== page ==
The firm that bought the Little Switzerland chain from Tiffany & Co. has taken the jeweler to court, alleging it overcharged on the deal and accusing a third-party arbitrator of having a conflict of interest.
NXP Corp. acquired the Caribbean jewelry business in 2007 through its Oakland, Mich.-based assignee Dhirim Inc. for a target price of $54.7 million, according to a lawsuit filed June 11 in U.S. District Court in Manhattan.
After the close of the sale, court papers show Tiffany and Dhirim disagreed over balance sheet adjustments affecting the final price. The parties took the matter to arbitration, with financial services giant KPMG LLP serving as mediator. On April 27, the firm decided in favor of Tiffany and found Dhirim owed $3.6 million on the deal.
In the suit, Dhirim alleged that, while the case was pending with arbitrator Luke Botica in KPMG’s Chicago office, Richard Siebert, an employee in KPMG’s Detroit office, attempted separately to win Dhirim’s tax and accounting business.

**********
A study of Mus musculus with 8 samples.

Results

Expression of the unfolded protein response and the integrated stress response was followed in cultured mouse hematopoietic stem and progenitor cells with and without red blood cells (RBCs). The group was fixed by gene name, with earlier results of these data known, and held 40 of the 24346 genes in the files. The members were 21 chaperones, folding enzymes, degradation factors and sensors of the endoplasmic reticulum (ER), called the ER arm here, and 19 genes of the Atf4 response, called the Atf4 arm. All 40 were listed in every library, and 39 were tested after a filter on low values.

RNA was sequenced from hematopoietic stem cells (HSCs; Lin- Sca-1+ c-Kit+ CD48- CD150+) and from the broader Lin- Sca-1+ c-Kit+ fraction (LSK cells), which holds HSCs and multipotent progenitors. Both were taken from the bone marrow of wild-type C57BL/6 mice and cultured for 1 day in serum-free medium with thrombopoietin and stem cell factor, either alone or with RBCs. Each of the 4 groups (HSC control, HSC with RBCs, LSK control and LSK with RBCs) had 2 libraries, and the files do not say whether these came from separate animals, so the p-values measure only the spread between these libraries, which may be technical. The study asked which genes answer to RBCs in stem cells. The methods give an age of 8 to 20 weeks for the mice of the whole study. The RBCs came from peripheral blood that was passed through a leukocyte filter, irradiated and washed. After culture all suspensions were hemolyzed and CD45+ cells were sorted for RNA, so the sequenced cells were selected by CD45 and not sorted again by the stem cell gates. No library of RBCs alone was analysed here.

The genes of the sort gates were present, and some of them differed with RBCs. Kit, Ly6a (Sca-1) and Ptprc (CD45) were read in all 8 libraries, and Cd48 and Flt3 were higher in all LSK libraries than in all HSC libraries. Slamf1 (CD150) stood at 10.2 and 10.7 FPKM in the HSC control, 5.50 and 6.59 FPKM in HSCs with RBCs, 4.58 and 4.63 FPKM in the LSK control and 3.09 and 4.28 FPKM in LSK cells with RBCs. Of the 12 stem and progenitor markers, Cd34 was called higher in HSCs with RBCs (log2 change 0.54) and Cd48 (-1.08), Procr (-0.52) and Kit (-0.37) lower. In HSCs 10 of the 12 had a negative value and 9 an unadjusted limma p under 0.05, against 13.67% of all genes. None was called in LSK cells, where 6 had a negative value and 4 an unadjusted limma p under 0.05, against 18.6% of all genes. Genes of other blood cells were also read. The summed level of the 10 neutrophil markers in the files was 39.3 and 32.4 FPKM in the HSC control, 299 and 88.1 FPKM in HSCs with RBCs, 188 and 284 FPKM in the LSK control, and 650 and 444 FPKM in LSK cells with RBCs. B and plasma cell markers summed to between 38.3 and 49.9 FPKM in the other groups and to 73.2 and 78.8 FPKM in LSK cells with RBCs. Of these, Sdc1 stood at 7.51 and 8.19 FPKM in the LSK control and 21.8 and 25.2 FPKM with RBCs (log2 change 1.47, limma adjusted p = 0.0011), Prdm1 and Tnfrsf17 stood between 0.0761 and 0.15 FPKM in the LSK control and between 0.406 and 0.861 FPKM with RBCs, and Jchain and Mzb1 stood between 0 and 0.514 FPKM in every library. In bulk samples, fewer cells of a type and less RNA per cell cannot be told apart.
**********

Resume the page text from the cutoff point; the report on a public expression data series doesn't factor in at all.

The day after the suit was filed, KPMG spokesman Tim Connolly said the company was troubled and surprised by what it called false allegations. Tiffany did not respond to requests for comment.
According to the suit, Dhirim representatives met with Siebert earlier this year but told him it was inappropriate to hire the firm to conduct its audit because of the pending decision.
In a Feb. 9 letter included as evidence, Botica wrote to both Tiffany and Dhirim and implied Dhirim had initiated the contact and that it did not affect his objectivity.
But Dhirim alleged Botica mischaracterized the meeting in the letter and failed to disclose another meeting at Dhirim’s offices in March 2008. At that meeting, Dhirim said, both Botica and Siebert discussed business opportunities while Dhirim finalized arrangements to engage KPMG as an arbitrator.
On Friday, KPMG’s Connolly reaffirmed his company’s belief in the February letter and said neither side raised objections to it when Botica first wrote it.
“It is only now, months after Dhirim lost the arbitration, that these baseless allegations are being made in an attempt to overturn the decision,” he added.
In the lawsuit, which names only Tiffany as a defendant, Dhirim alleged that KPMG had a bias and asked the court to vacate the award because it was “procured through corruption or fraud.” Dhirim further accused Tiffany of demanding $5 million, despite the arbitrator’s $3.6 million award, and asked that it pay the lower amount should the court not vacate.
According to its Web site, Little Switzerland sells luxury goods through a network of 12 stores in the Caribbean. Tiffany had acquired the chain in 2002.